Education Commissioner Candice McQueen has pledged to ensure the accuracy of Tennessee’s new standardized test as frustrated lawmakers are seeking explanations for a second straight year of testing problems.
McQueen and her staff offered new details about the latest breakdown on Tuesday in their first appearance before legislators since reporting that the state’s testing company incorrectly scored paper tests for some high school students this year. She called scanning mistakes the culprit and said the state is working closely with Questar to prevent such problems in the future.
A year earlier, the botched rollout of online testing led to the test’s cancellation for grade-schoolers, the firing of Tennessee’s previous test maker, and the decision to phase in online testing over three years.
The state is ultimately responsible for this year’s “failure,” McQueen said, but she let Questar CEO Stephen Lazer take some heat too.
“We at Questar own that it happened,” said Lazer, who sat beside McQueen during the hearing. “It should have been caught (earlier), and it won’t happen again.”
Earlier in the day, Gov. Bill Haslam called the controversy overblown because this year’s errors were discovered as part of the state’s process for vetting scores.
“I think the one thing that’s gotten lost in all this discussion is the process worked,” Haslam told reporters. “It was during the embargo period before any of the results were sent out to students and their families that this was caught.”
The three-hour hearing at the State Capitol was dotted with occasional testy exchanges as lawmakers bemoaned the challenge of rebuilding trust in Tennessee’s problem-plagued assessment. They questioned why teachers, as part of their evaluations, appear to be the only ones being held accountable for this year’s results.
“Are we terminating this contract (with Questar)?” asked Rep. Craig Fitzhugh, a Democrat from Ripley who is running for governor. “… Have there been any modifications (to the contract) as a result of this error?”
McQueen responded that the contract hasn’t changed, but that the state’s work plan with Questar has.
“We have had intense conversations between the department and the vendor on quality improvements and expectations,” she said, “and we are moving forward with very specific deadlines.”
The hearing also featured testimony from teachers, several teachers unions, a superintendent, a school board member, and a researcher. Some called for a three-year moratorium on using TNReady scores for accountability purposes; others urged the state to “stay the course.”
Here are five things we learned:
1. The scoring problem came to light because of discrepancies flagged at one school.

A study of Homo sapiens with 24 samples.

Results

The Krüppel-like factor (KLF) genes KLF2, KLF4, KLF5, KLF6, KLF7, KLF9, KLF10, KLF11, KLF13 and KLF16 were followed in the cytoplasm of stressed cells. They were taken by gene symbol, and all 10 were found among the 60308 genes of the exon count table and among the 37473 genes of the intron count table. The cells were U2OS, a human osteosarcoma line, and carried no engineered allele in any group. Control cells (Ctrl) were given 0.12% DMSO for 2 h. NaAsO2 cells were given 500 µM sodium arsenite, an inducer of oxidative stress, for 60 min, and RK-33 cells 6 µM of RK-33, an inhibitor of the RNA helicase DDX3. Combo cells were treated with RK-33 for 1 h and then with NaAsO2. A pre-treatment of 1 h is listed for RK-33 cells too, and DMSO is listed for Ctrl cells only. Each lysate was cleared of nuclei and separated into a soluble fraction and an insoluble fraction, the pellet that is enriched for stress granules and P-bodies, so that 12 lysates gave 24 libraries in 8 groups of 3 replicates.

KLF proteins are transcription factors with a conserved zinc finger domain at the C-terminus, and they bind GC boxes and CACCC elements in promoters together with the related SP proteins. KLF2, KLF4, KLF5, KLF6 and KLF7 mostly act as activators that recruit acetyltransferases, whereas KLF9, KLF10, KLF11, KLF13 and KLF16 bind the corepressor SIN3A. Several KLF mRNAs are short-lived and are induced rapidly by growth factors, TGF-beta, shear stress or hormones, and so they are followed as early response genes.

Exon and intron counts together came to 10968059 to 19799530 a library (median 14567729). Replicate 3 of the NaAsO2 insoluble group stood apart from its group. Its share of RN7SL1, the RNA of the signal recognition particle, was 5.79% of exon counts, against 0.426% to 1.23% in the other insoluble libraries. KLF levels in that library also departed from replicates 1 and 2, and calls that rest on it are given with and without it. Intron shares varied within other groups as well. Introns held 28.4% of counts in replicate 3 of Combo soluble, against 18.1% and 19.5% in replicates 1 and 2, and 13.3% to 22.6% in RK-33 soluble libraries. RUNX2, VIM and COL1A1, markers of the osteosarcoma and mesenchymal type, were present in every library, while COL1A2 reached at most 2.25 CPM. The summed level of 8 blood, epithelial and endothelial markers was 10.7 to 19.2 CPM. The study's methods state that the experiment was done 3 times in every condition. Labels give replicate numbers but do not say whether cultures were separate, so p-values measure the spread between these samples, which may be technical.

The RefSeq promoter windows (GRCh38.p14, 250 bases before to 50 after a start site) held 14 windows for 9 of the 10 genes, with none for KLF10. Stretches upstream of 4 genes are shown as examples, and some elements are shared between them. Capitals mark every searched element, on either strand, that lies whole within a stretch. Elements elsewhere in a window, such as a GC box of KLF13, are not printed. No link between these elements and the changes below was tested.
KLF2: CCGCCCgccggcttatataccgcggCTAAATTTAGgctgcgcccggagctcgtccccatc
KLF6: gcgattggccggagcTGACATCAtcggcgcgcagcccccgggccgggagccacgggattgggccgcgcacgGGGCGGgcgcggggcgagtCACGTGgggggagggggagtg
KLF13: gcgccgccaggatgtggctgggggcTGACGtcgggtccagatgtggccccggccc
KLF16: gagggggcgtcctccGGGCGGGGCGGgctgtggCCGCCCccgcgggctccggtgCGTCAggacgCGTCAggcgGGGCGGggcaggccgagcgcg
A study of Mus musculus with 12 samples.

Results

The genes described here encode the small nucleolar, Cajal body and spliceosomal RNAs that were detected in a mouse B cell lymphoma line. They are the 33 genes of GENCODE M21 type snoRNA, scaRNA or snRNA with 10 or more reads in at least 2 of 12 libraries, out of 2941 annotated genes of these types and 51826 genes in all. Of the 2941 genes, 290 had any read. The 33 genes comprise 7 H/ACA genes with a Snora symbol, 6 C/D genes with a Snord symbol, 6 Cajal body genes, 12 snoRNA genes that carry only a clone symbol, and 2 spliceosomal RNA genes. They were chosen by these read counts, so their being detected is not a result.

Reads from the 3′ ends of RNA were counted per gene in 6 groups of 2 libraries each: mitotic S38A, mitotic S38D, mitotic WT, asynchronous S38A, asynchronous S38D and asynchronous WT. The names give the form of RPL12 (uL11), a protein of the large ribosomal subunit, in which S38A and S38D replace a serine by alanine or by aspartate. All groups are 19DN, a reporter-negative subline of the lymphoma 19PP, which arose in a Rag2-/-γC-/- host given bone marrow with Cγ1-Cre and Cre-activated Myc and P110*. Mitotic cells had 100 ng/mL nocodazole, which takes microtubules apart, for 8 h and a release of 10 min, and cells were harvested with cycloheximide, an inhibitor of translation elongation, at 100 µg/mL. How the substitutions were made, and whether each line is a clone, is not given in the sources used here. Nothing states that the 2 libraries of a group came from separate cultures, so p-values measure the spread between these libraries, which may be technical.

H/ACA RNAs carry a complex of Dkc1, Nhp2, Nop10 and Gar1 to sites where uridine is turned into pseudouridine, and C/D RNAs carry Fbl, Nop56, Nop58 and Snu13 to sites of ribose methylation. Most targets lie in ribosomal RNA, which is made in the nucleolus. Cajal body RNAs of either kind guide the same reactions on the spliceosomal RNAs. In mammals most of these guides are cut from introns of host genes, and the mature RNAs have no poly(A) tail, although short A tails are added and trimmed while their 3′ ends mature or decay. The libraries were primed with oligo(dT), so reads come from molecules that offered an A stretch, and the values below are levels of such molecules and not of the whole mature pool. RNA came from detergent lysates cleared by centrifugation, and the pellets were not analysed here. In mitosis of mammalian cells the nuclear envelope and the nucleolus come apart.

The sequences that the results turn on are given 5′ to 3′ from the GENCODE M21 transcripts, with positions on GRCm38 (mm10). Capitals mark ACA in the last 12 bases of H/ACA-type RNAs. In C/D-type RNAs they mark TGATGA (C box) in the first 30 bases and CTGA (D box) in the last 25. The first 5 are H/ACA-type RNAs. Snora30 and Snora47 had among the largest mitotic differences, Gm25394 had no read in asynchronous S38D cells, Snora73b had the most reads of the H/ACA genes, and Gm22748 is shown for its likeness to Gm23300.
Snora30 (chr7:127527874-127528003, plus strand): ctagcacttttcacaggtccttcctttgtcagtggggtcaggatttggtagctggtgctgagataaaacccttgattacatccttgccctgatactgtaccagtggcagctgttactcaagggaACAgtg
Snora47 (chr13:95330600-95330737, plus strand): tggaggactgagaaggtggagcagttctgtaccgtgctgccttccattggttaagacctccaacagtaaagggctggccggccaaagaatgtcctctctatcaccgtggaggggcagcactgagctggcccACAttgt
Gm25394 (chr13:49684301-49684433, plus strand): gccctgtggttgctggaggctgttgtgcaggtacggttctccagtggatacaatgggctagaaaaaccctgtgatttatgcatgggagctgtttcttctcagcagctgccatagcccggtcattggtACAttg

As they looked at the data, educators at Blackman High School in Rutherford County noticed that some of their highest-performing students scored low on one standard in English language arts. That raised a red flag since those same students had demonstrated proficiency on that standard in other assessments. The district contacted the state, which requested an investigation from Questar, which traced the discrepancies to a scoring error when scanning paper tests. “The scanning program was incorrect,” Lazer said. “The scanners read the documents right, but the data was in the wrong columns.”
2. Tennessee plans to release scores next year before the new school year begins.
The state has gotten pushback for this year’s protracted scoring schedule that ended this month, more than two months after the school year began. While the scoring process takes longer with a new test, McQueen said the state is committed to getting all scores out by mid-August next year. She said districts will receive their preliminary high school scores by the end of May for inclusion in students’ final grades. Final high school scores will go out in July. For grades 3-8, scores should be delivered by mid-August at the latest, she said.
3. The state is banking on its transition to online testing to expedite high school results.
After the online fiasco that soured TNReady’s first year, McQueen’s decision to slow-walk the state back into online testing also slowed the subsequent scoring and delivery process. But 2018 marks the first school year that all high schoolers will take the test online again — a change that state officials feel confident about after 25 districts successfully made the leap this year. (Middle and elementary schools will make the switch in 2019, though districts will have the option of administering the test on paper to its youngest students in grades 3-4.)
4. There is talk of an outside investigation into Tennessee’s testing failures.
Rep. Mike Stewart of Nashville asked McQueen if she would object to a top-to-bottom review of Tennessee’s testing challenges from an independent third party such as the state comptroller’s office. “Not at all,” McQueen responded, adding that her department has sought proactively to improve the process.
5. McQueen plans to reconvene her testing task force — again.
One of her first acts as commissioner in 2015 was to form a task force to study concerns about over-testing and recommend improvements. So grave were testing-related issues that McQueen followed up with a second study panel in 2016, even as the state has remained committed to TNReady as the lynchpin of its system of accountability. Now the commissioner wants to reconvene that task force this year to begin looking specifically at 11th-grade testing and diagnostic assessments used by districts, among other things. McQueen told lawmakers that she hopes to have the first meeting by December.
Editor’s note: This story has been updated to identify the Rutherford County school where scoring concerns were flagged.